KIEV — After a night of clashes with protesters in Independence Square, security forces appeared to pull back Wednesday from the central plaza in Kiev where demonstrators have been rallying against the government of President Viktor Yanukovych for more than two weeks.
The police had taken control of a large section of the square and brought in front-end loaders and other heavy equipment to clear it. But by 11 a.m., the police presence had dwindled and pedestrians were walking freely through the square.
The interior minister, Vitaliy Zakharchenko, issued a statement Wednesday saying the overnight crackdown had been needed to ease traffic congestion in Kiev and promised that there would be no dispersal of the protesters in the square.
“No one infringes on citizens’ rights to peaceful protests,” he said. “But we cannot ignore the rights and legal interests of other citizens.”
He said the clearing of the streets was carried out in accordance with a court order. Many protesters had been calling for Zakharchenko’s dismissal after a bloody crackdown on demonstrators Nov. 30.
‘This response is neither acceptable nor does it befit a democracy.’
Although the police pushed forcefully through the crowd in the square early Wednesday, they did not use their truncheons and there was no repeat of the flagrant violence of two weeks ago.
The effort to clear large parts of the main protest site was a stinging rebuke to Western diplomats who thought they had received promises that force would not be used against peaceful demonstrators.
Arseniy Yatsenyuk, the leader in Parliament of the opposition Fatherland Party and a main organizer of the protest movement, said the police action showed that Yanukovych was dismissive of Western leaders, and of Ukrainians.
“He spit in the face of America, EU countries, and 46 million Ukrainians,” Yatsenyuk said in remarks from the stage at Independence Square, where the sound system was still functioning Wednesday. “We won’t forgive this.”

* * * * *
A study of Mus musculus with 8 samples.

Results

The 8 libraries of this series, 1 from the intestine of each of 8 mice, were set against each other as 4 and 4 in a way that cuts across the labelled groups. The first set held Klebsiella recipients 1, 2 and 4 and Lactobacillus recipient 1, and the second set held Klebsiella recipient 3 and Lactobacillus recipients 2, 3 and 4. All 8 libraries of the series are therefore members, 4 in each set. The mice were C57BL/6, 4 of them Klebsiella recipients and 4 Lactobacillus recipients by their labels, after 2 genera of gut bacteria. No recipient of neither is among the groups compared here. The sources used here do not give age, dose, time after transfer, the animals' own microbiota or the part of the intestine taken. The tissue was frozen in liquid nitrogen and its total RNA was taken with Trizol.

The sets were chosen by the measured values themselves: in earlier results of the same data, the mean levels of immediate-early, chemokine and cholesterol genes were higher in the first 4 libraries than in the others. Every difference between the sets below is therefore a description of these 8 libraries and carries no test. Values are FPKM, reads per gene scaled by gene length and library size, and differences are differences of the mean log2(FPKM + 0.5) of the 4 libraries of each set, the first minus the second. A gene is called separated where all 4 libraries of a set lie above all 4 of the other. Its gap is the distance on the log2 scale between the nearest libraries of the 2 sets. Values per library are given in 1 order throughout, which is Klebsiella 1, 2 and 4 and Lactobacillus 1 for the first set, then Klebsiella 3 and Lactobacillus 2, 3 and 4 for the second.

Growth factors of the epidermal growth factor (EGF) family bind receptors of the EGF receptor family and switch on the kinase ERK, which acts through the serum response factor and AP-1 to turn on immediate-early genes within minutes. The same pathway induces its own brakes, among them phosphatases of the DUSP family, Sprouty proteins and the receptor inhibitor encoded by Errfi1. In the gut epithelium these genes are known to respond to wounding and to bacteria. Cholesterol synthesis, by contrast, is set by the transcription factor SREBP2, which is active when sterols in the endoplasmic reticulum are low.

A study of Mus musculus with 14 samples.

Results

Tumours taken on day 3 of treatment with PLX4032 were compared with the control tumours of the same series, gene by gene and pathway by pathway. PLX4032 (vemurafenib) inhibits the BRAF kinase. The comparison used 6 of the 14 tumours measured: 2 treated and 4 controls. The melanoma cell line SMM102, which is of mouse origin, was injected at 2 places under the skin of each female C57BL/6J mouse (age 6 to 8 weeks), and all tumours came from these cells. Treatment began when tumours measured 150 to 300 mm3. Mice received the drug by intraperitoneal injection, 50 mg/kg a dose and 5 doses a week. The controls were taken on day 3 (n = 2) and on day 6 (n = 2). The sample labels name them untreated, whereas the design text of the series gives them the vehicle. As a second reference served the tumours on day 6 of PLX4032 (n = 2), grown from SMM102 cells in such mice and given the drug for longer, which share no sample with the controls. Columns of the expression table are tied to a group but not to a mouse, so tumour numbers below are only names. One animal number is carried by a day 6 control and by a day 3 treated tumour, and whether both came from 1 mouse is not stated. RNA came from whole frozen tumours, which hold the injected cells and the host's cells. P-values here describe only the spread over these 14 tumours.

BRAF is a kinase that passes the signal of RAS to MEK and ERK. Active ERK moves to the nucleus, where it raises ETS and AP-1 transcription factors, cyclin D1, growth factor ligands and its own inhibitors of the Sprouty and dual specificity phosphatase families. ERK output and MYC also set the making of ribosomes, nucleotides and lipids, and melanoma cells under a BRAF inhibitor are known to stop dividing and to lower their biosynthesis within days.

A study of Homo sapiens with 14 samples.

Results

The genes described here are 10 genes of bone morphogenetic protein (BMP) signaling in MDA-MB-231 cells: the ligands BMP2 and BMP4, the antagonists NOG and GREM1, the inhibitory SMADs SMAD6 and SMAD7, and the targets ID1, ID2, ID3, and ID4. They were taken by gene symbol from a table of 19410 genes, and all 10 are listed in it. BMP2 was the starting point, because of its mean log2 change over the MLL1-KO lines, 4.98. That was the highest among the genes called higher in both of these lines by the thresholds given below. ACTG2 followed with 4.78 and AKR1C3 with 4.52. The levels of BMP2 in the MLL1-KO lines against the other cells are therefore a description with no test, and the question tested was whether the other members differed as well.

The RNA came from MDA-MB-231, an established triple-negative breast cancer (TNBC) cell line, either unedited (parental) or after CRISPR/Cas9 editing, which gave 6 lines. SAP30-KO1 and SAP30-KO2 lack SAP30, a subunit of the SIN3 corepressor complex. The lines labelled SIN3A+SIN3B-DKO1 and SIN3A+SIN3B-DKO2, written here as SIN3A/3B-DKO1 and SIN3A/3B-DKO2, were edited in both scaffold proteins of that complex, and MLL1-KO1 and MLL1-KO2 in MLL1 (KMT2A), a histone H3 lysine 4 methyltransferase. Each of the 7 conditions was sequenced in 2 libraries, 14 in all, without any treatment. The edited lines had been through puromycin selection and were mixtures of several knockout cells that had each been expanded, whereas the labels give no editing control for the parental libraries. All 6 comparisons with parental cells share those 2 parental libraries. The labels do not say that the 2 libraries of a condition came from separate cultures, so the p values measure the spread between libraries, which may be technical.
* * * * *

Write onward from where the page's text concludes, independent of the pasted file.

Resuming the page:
Those officials were inevitably left wondering whether they had miscalculated in urging leaders of the protests to negotiate with Yanukovych and in their own efforts to do so.
The crackdown by the authorities came after a 3½-hour meeting between Yanukovych and Catherine Ashton, the EU foreign policy chief.
The diplomatic consequences became apparent almost immediately.
“I was among you,” Ashton said in a statement Wednesday.
“The authorities did not need to act under the cover of night,” Ashton added.
And in unusually strong language, Secretary of State John F. Kerry expressed the United States’ “disgust” with the authorities’ decision to use force.
“This response is neither acceptable nor does it befit a democracy,” he said in a statement.
He added: “As church bells ring tonight amidst the smoke in the streets of Kiev, the United States stands with the people of Ukraine. They deserve better.”
US Assistant Secretary of State Victoria Nuland, who was in Kiev as the police action unfolded, visited Independence Square on Wednesday to hand out bread to demonstrators and to Interior Ministry police officers who spent the night on the street before heading to a meeting with Yanukovych.
After the meeting, Nuland condemned the police action but said the United States had conveyed to Yanukovych that it would still be possible conclude a free-trade pact with the European Union and negotiate a loan from the International Monetary Fund.
“I made it absolutely clear to him that what happened last night, what has been happening in security terms here, is absolutely impermissible in a European state, in a democratic state,” she said.
“But we also made clear that we believe there is a way out for Ukraine, that it is still possible to save Ukraine’s European future.”